How is wind chill calculated?
Heat stress is a commonly recognized problem, and many employers have put protective measures in place to reduce their workers’ risk of developing heat-related problems. Cold stress, however, is a much less widely discussed problem, yet cold stress can also have a devastating impact on the health and well-being of employees (learn more in Cold Stress: Your Winter Safety Guide). To guard against these risks, the Occupational Safety and Health Administration (OSHA) has put together recommendations for how long workers can work outside in cold conditions before needing breaks. This time period is determined by both the air temperature and the wind chill (which depends on how fast the wind is blowing).
Clearly, colder air temperatures and higher wind speeds mean that a worker is at a greater risk of cold stress. Cold stress can result in a wide range of damaging conditions, including frostbite and hypothermia. There are numerous guidelines for how to most effectively deal with frostbite —depending on the severity of the frostbite and the area of the body that is impacted by the frostbite. The most important thing is to stabilize the affected individual and get him/her to a medical provider as quickly and safely as possible. Hypothermia can also be life-threatening, leading to confusion, unconsciousness, and in some cases even death.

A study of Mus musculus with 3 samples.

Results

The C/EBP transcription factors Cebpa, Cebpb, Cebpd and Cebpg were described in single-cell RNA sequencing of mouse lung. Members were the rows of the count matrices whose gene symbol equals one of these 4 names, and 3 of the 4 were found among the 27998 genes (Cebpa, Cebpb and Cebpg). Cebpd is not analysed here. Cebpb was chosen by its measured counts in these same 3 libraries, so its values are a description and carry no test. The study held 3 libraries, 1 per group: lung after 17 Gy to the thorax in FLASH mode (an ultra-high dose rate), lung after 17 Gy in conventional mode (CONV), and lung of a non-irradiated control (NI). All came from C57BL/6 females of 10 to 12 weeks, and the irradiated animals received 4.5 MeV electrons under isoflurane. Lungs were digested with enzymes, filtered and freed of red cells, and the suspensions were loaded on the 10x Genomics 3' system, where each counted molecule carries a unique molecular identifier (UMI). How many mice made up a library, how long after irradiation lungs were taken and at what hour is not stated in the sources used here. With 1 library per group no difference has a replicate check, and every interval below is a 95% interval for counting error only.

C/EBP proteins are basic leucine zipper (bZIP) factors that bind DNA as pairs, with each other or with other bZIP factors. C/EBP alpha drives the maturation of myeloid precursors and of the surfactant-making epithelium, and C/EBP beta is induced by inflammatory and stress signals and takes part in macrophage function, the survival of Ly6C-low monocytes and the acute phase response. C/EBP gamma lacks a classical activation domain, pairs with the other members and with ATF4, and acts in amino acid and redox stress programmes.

OSHA also notes that at some temperature and wind extremes, outdoor work should cease entirely (except for emergency work). For example, even with no wind, at temperatures of -45 degrees Fahrenheit or lower, outdoor work is not safe for employees — the risks are simply too high. Outdoor work should also stop at temperatures of -25 degrees Fahrenheit if the wind is stronger than 20 miles per hour.
Obviously workers with outdoor-only jobs are most at risk of developing cold stress. These workers could include oil and gas field workers, loggers, mining workers and others. Many of these industries are clustered in areas that experience extremely harsh and cold weather conditions. However, these are not the only industries that may be impacted. Employers in other sectors of the economy must also be vigilant and take precautions to keep their workers safe when working outdoors (be aware of potential outdoor risks by reading Holiday Hazards: Cold, Snow and Ice).
These precautions may range from providing high quality protective weather gear to increasing the number of provided breaks per shift (as highlighted above). But, the most important steps that employers can take are: (1) being aware of up-to-the-minute weather information and (2) educating employees about warning signs of cold stress.
To be up-to-date on weather information, employers and employees need to be able to accurately calculate wind chill levels. To do this, they will need two pieces of information — the air temperature and the wind speed. With these two pieces of information, the wind chill can be looked up in a comprehensive table that was created by the National Weather Service (http://www.nws.noaa.gov/om/cold/wind_chill.shtml). If this chart is not easily accessible, there is always a relatively straightforward formula that can be used to calculate the wind chill. This formula is:
Wind chill = 35.74 + 0.6215T -35.75(V^0.16) + 0.4275T(V^0.16)
Where T = temperature
V = wind speed in miles per hour
Knowing the wind chill at your job site will allow you to take the necessary precautions to keep your employees safe.